Backwards Gameplay is Forward Thinking
Depending on how you look at it, Retro/Grade was either created by the developers at 24 Caret Games while they were strongly under the influence of something, or a work of pure genius that could transform the stale music genre into something fun again. It’s possible that it’s both.
Retro/Grade begins literally at the end. Your character, Rick Rocket, who kind of reminds me of Commander Keen a bit, has saved the world. The final epic battle is over and the enemy is destroyed. The problem is that the resulting explosion was so large that it created a temporal rift and destroyed the world. The only thing that can save the world, again, is for Rick to fight the entire battle in reverse.
You play by flying your ship along a grid and jumping from line to line. You have to move in front of your own laser blasts, because when time was flowing forward you fired those shots, so you need to catch them or that shot won’t happen in the future again, or something like that. But you also have to avoid enemy shots because they missed you the first time, so they have to miss you once again, though you can of course take a few hits which are absorbed by shields and armor and all that, though it’s not recommended.
Retro/Grade is a little confusing, enough that it really can’t be considered a casual title. It’s kind of counterintuitive to be jumping in front of some of the sparkly bits while jumping away from others. And the whole thing with your ship flying backwards is just a bit off-putting. That said, it’s probably the hardcore gamers who have played games for years that will have the most trouble with breaking the rules. I let a non-gamer play for a while and she picked it up very quickly, not having years of shoot-and-move training to overcome in her mind.
There is an excellent tutorial at the beginning of the game that explains everything, and that’s very good. Without a slow, step by step explanation of how to play, Retro/Grade would be lost.
One of the first things you will notice once you dive in is that the gameplay screen consists of five colored lines. All the blobs of enemy and friendly fire shoot along them horizontally. Your ship moves vertically along the same lines. If this sounds familiar, it should. If you’ve played any of the Rock Band or Guitar Hero games, you’ll notice it right away. It’s like a big piece of sheet music. It even shares a similar color scheme with those games, with the green line being at the top and the orange one at the bottom. The reason for this is that while you can play just fine using the directional keys on your controller, you can also plug in your PS3’s guitar peripheral.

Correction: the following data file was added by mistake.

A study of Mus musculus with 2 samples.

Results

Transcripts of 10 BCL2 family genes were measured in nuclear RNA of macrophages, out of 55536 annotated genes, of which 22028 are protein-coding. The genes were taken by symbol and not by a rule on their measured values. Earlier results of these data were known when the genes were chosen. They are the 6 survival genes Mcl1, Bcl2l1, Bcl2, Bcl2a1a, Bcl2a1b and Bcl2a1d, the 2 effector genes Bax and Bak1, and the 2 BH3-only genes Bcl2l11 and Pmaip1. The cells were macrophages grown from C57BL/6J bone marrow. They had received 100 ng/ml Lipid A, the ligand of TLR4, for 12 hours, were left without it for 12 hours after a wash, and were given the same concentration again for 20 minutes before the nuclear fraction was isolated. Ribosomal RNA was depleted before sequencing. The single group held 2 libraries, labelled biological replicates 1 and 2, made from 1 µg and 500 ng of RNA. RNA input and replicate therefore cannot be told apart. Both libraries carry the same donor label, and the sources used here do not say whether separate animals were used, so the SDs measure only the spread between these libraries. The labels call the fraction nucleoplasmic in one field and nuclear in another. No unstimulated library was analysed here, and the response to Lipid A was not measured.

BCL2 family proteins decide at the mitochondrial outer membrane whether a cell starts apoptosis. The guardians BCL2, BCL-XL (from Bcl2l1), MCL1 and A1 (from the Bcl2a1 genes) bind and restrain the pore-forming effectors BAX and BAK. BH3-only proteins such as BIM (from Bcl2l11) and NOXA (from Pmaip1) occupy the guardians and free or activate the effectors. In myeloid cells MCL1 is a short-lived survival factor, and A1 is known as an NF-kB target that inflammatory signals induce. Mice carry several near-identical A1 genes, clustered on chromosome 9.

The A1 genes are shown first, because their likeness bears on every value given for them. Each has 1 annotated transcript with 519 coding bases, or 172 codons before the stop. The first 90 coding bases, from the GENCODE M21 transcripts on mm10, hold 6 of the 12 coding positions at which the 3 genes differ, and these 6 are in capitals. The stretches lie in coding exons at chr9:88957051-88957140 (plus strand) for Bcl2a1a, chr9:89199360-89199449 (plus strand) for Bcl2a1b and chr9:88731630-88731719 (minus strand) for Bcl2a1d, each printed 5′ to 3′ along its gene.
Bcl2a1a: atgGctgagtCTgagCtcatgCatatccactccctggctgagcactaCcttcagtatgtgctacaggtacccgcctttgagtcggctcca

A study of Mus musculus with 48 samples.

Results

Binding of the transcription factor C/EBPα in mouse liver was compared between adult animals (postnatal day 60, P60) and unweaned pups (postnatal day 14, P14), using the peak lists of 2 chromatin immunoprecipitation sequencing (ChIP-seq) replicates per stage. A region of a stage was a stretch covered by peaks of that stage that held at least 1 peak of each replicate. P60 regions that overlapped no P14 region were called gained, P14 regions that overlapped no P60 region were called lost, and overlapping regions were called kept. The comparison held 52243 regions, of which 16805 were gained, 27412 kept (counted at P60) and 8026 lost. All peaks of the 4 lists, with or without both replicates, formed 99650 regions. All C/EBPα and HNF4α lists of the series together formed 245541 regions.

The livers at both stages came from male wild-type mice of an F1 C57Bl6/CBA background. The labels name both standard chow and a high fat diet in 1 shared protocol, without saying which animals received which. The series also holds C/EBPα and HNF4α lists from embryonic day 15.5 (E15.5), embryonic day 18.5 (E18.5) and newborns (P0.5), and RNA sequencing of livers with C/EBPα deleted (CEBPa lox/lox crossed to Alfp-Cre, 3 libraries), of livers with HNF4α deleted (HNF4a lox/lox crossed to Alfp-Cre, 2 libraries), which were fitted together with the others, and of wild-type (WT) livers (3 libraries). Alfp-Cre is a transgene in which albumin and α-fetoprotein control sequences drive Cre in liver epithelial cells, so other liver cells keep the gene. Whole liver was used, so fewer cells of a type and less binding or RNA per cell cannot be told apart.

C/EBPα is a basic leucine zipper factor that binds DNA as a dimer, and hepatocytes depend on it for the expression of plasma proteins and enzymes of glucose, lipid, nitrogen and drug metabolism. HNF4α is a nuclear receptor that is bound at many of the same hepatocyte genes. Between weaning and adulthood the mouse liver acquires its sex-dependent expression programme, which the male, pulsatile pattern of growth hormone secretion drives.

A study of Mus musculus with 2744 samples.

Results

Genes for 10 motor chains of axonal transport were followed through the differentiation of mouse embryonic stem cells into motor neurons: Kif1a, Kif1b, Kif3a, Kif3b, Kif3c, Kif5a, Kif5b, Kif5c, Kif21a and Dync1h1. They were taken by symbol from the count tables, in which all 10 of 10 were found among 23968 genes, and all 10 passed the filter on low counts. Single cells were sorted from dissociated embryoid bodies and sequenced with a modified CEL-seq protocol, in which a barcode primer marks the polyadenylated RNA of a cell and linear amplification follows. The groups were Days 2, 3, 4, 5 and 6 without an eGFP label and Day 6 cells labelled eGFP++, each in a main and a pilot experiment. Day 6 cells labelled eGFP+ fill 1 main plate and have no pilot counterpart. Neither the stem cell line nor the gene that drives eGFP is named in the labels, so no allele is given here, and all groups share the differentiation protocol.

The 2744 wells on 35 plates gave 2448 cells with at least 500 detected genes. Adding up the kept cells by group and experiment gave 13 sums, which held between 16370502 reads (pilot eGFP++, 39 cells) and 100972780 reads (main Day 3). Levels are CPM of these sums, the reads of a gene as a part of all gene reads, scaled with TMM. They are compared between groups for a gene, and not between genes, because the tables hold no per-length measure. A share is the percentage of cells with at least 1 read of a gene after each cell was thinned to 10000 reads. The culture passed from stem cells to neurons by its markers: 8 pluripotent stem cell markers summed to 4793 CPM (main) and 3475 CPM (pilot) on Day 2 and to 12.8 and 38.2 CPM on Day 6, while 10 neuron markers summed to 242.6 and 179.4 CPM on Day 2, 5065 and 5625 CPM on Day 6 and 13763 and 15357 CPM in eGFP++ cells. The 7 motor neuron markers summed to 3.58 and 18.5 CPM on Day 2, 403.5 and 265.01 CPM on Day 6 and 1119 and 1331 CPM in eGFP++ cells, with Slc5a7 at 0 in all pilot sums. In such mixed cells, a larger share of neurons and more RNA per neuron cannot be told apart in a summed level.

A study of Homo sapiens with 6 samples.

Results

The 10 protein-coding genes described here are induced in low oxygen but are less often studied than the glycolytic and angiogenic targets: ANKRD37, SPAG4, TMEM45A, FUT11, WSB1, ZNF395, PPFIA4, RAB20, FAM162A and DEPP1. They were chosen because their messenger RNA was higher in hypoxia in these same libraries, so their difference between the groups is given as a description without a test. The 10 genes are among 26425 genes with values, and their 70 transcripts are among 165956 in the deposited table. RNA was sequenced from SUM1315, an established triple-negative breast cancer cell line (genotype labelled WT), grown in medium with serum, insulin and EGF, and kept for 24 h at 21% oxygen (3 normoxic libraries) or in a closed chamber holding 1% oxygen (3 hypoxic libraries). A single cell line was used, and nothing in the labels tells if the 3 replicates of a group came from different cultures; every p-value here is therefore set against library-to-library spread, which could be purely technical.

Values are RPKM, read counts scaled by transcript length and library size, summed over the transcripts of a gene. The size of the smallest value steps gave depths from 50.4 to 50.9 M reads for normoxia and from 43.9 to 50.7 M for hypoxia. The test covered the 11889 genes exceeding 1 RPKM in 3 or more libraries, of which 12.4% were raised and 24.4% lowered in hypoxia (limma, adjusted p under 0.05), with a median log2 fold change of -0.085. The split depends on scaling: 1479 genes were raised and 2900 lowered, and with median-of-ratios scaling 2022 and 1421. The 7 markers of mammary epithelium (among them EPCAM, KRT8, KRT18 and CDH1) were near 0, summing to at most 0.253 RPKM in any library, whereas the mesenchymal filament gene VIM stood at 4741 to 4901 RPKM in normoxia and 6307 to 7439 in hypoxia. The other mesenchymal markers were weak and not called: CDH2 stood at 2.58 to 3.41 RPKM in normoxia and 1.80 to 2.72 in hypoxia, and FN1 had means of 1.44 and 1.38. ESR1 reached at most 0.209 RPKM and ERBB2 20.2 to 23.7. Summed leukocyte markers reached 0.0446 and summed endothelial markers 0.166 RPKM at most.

Playing with the guitar is a lot more fun, and more precise because you can jump right to the line you need with a single key press. It also lowers the difficulty just a bit, assuming you are good at manipulating your guitar. However, it’s completely optional if you don’t like it. I played for several hours with just the controller before switching over to my Hofner.
Visually, Retro/Grade is quite a feast. Psychedelic would be a good description. Like a Pink Floyd concert would be another. When you worry that your PS3 is going to experience visual overload, or that your graphics processor is going to melt, then you have a visually exciting game on your hands. There is almost too much eye candy stuffed into the package, but it all looks really nice, so I’m not going to complain.
In terms of the soundtrack, it’s okay, though it comes off as a bit generic. Perhaps it’s because when playing with a guitar, you kind of expect to hear some heavy rock chords instead of the kind of techno-pop you might find in a Japanese dance club.
I realize that licensing music is asking a lot of a new developer, but if we could have played Retro/Grade while a few real songs play along, it might have added significantly to the fun factor. Still, the music in the game is internally consistent and does a great job of keeping up with you as you play, so it helps contribute to the overall experience.
Retro/Grade is fun, and after completing the tutorial, probably accessible to all ages and skill levels. It freshens up the musty Music/Rhythm genre, and could become the next big party game for when guests get tired of playing Smoke on the Water yet again. It earns 4 out of 5 GiN Gems, and we look forward to seeing what those mad scientists at 24 Caret are going to come up with next.